Glamorella’s Daughter, by Jerry Bennett and Charles J. Martin, centers around Comet. She is an inquisitive girl who is the daughter of superhero Glamorella. Most of the story focuses around their relationship. As strong as Glamorella is, she cannot relate well to her bookish daughter. Neither of them particularly fit into society, though for different reasons. Throughout the issues, it’s clear that there’s something nefarious about the portal Glamorella came through thirteen years ago. The plot is interesting; it takes its time exploring both the action and the slice-of-life side of things. This creates a good balance in the narrative. Side characters are also all very compelling and serve to further the plot.
The art style blends clean linework with a pastel color palette. It also has a sketchy quality to it that provides a nice sense of texture. Unfortunately, some of the characters have large heads which is the only issue with this style. This is probably intentional, though it looks incongruous at times. Beyond this, one of the things that makes Comet stand out is that she is neurodivergent. This figures as an important part of the plot. Luckily, her neurodivergence is not used to inhibit Comet or her characterization. She clearly struggles in the world. But this struggle is not just because of her neurodivergence, nor does it prevent her from making genuine connections with the people around her. For example, her best friend Isaac; his gregarious nature contrasts well with her quiet one, and the two of them work well as a duo.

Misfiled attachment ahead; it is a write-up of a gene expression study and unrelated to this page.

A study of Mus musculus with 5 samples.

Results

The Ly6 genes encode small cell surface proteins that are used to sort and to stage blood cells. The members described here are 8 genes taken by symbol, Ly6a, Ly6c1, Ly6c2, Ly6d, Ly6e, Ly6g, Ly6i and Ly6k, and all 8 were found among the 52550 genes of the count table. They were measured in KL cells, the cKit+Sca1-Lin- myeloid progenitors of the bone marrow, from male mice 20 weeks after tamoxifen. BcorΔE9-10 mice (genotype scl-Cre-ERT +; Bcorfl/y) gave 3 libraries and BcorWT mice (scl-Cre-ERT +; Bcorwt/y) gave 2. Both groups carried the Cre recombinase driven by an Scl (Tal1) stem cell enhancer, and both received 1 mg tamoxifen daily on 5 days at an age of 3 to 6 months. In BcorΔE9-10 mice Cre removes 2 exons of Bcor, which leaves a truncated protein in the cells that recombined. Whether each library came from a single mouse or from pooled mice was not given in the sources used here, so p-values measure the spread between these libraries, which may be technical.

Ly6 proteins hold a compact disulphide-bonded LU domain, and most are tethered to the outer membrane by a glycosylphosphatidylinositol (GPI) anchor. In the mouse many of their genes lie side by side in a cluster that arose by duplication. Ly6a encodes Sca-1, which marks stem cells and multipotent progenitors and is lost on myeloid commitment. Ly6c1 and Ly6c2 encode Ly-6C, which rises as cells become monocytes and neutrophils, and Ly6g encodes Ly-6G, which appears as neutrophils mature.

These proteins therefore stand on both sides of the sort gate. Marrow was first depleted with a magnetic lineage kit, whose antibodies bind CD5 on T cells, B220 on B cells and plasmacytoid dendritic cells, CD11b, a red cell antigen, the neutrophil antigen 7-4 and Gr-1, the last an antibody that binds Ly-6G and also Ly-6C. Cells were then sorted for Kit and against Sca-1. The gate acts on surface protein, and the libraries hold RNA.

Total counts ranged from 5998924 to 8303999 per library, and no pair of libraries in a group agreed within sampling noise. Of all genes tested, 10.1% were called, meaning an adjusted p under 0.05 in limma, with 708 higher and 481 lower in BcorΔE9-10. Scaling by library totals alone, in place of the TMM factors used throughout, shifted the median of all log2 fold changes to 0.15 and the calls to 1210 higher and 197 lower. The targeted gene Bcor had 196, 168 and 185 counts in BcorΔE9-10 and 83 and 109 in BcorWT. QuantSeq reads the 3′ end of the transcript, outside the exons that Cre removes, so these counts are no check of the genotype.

If there is an area where Glamorella’s Daughter struggles, it probably comes from the balance of comedy and drama. While this works fairly well for the most part, sometimes the jokes do not land as well as the comic intends them to. Luckily this issue does not crop up too often. The characters also sometimes act in ways that come off as artificial. This perhaps has more to do with the genre than this specific comic. The superhero genre is not known for its faithfulness to realism, nor is that always effective for storytelling. Clearly the comic tries to push a narrative that is quite serious at the heart of it.
One of the core issues comes from Glamorella’s struggle to balance her job with her daughter. Comet tries to balance society’s expectations of her legacy, versus who she actually wants to be. Both of these characters must hide parts of themselves from the world in order to seem acceptable. Something must have happened in Glamorella’s past that catalyzed her desire to fit into this world that she does not actually come from. Though most of her struggles are external, her challenges relating to her daughter are the most poignant. Part of this challenge comes from Comet’s lack of interest in fitting into society’s role for her. Because of this, despite her lack of super strength, she is stronger than her mother.